Nelson Mandela’s widow, Graca Machel Mandela, did not mince words when delivering a speech at the U.N. peace summit commemorating the 100th anniversary of Mandela's birth.

She told world leaders, including Nigerian president Muhammadu Buhari, that history will judge them if they fail to take drastic action against “senseless violence” plaguing too much of the world.

"History will judge you should you stagnate too long in inaction. Humankind will hold you accountable should you allow suffering to continue on your watch."

With peace a scarce commodity, Machel's challenge was echoed by U.N. Secretary-General, Antonio Guterres and other leaders who acknowledged the world is far from achieving Mandela's ideals which also include human rights and global cooperation.

"Today, with human rights under growing pressure around the world, we would be well served by reflecting on the example of this outstanding man," Guterres said.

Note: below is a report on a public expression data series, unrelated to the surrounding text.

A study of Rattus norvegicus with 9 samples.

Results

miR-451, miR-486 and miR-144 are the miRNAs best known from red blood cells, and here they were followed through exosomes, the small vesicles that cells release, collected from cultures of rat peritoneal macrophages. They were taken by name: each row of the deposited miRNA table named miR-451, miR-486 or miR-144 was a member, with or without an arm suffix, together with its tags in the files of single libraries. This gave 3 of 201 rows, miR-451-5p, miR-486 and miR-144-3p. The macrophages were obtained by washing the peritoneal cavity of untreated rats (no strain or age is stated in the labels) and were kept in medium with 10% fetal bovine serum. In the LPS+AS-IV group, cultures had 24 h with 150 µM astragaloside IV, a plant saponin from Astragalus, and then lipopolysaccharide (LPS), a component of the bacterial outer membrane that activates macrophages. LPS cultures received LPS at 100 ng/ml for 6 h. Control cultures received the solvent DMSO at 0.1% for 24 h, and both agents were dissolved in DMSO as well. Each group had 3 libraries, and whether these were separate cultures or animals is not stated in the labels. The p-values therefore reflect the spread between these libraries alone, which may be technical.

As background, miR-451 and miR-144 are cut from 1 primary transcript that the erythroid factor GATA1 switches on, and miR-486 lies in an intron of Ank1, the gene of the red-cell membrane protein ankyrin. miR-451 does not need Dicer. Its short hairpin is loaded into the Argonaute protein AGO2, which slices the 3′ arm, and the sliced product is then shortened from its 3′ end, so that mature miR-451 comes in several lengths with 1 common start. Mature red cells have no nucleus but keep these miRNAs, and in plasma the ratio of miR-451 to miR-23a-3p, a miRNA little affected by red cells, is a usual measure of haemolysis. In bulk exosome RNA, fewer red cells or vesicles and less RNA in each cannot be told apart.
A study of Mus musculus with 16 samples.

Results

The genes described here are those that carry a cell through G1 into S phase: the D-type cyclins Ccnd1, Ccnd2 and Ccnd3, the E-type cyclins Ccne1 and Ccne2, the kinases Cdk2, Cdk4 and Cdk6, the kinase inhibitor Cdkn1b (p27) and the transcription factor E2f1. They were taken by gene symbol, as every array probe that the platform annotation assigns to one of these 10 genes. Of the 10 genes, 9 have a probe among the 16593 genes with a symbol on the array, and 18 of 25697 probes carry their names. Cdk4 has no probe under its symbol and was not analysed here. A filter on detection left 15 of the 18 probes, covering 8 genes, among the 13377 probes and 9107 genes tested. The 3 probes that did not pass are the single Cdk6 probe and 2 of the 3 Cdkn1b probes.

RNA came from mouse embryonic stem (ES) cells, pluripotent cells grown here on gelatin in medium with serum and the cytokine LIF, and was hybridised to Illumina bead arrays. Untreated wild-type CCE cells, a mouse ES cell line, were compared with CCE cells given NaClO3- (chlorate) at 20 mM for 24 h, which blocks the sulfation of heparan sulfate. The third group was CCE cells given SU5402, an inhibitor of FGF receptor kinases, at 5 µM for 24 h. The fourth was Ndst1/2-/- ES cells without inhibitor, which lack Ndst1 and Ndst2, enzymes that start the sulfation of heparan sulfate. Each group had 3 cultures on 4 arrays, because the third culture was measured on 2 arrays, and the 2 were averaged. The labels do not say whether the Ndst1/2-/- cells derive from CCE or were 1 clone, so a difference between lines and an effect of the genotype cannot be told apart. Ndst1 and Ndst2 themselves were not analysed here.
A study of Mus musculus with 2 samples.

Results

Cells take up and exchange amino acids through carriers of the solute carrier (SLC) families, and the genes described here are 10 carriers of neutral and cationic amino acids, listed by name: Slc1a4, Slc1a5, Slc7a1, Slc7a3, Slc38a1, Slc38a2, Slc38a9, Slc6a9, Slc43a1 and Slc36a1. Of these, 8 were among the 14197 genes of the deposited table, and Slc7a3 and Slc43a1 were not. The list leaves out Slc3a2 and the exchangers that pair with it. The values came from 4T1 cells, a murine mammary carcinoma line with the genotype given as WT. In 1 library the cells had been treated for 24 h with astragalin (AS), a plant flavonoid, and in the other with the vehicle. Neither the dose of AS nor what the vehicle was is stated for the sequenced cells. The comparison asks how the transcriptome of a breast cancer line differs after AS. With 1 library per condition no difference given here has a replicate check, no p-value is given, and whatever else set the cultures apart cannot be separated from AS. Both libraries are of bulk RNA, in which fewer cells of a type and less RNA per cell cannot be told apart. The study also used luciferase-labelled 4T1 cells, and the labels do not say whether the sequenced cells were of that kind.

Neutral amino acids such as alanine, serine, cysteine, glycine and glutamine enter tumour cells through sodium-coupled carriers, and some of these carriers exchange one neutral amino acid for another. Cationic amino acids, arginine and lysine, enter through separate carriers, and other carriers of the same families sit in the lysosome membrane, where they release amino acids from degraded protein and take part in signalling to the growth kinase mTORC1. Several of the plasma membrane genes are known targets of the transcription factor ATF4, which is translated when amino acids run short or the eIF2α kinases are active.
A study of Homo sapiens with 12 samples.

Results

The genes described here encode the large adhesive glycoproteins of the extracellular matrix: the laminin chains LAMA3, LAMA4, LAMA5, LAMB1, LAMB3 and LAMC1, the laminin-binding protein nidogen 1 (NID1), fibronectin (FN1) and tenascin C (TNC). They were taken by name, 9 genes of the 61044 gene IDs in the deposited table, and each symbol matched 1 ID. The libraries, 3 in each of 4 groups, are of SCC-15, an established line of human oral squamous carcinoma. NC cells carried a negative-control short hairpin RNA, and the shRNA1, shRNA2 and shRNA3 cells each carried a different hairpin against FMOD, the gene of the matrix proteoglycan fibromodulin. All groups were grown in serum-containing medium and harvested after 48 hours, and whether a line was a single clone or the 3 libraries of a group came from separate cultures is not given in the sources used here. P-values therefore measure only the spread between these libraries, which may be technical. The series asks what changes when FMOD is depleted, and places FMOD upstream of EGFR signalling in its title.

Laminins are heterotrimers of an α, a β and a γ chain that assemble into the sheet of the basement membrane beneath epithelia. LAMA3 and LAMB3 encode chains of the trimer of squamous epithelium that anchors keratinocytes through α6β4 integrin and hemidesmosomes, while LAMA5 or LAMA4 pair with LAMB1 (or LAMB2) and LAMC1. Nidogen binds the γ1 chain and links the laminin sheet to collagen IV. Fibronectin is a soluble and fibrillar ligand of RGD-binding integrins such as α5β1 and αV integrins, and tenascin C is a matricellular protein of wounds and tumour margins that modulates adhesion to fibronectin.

"We need to face the forces that threaten us with the wisdom, courage and fortitude that Nelson Mandela embodied."

The tributes to Mandela began with a rare U.N. honor — the unveiling of a $1.8 million statue of the South African anti-apartheid campaigner who became the world's most famous political prisoner.

The statue is a gift to the United Nations from South Africa.


The day-long summit, with nearly 160 scheduled speakers, set the stage for Tuesday's opening of the General Assembly's annual meeting of world leaders, where conflicts from Syria to South Sudan, rising unilateralism, and tackling a warming planet and growing inequality are among issues expected to be in the spotlight.